Dissent as violence

May 07, 2014 - 1:38:09 am

Frequent knife attacks in public places in China present Beijing with a problem it should immediately confront.

A knife attack at a railway station in China yesterday has heightened concerns over public security in the country which has seen similar attacks earlier. The finger of suspicion points at Uighurs from the northwest of the country. China has been facing an insurgency in the northwest by Uighur Muslims who say the influx of Han Chinese in the province has become a threat to their culture. They also accuse the government of oppression and harassment.  The first knife slashings that took place at Kunming railway station in March killed 29 people. The latest attack comes a week after a knife and bomb assault in Urumqi station that killed three and injured 79. 

There are conflicting reports of the slashings at Guanghzou railway station in southern China that injured six. Eywitnesses claim to have seen more than one attacker. But police claim to have shot and immobilised one man with a knife at the station. 

The latest attack points to a dangerous trend in China, which is known to be cautious with disseminating information, and where political dissent is discouraged. If the United States is jostling with gun crime, China seems to be staring at a knife threat.   Probably, the authoritarian nature of the Chinese regime and popular culture doesn’t allow people to easily get hold of guns. So, they seem to resort to knives and machetes. The three attacks, which took place within two months, show a pent-up frustration among people who try to let it out by going berserk. This is symptomatic of a deep rooted desire to burst out against what an individual or a group would label the ‘injustice of society’. Beijing should not lose sight of the fact that such dissatisfaction can lead to, and often does, mass slayings that might take the government by surprise when they come. If the government tries to go behind the reasons for such outburst, it wouldn’t take long to keep a finger on the cause.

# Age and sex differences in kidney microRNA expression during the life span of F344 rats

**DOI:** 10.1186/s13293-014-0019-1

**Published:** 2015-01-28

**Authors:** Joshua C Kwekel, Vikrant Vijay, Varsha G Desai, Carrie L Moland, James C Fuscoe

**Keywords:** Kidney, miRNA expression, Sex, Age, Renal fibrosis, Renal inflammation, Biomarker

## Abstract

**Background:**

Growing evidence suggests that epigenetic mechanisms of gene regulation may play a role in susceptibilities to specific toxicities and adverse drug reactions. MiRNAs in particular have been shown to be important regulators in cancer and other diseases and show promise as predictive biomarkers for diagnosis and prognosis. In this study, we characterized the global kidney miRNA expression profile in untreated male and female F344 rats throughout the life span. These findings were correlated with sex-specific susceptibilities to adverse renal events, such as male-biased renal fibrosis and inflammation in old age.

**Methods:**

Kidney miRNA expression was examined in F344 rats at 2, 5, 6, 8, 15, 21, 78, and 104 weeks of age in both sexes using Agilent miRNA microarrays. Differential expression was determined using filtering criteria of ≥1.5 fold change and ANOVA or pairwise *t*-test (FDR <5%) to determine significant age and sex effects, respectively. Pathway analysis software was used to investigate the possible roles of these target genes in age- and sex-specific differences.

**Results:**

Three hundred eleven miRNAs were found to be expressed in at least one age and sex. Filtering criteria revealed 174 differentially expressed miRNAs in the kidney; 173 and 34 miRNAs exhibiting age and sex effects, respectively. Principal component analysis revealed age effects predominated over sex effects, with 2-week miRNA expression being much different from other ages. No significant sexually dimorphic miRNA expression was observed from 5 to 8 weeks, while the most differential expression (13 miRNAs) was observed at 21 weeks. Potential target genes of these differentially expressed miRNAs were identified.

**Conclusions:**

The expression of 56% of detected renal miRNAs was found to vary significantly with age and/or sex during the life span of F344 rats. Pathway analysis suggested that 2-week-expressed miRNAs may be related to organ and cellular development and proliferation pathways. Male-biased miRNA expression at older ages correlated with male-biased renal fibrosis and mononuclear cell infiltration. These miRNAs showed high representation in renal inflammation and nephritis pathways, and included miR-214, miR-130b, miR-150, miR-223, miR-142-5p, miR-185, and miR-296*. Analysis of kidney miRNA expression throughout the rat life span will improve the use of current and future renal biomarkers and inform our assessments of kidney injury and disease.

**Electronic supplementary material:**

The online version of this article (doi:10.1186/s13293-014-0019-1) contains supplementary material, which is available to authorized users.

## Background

In authoritarian political societies, which are governed by traditional structures and a paternal streak of senior leaders, the population finds it hard to air its grievances. In democratic societies, a free and vibrant media talks on behalf of the people and lets them come out with their problems. 

In China, the media space is tightly controlled by the government. All newspapers are owned and run by the Communist Party of China. Control over newspapers and the electronic media means social and economic issues are not discussed threadbare and the problems of the people are largely ignored by the press. 

Beijing should act strictly to bring to book the perpetrators of the latest knife attack and try to scotch any plans of more such assaults. At the same time, greater political and social reforms would help bring more stability to society and reduce the chances of dissent showing up in violent ways.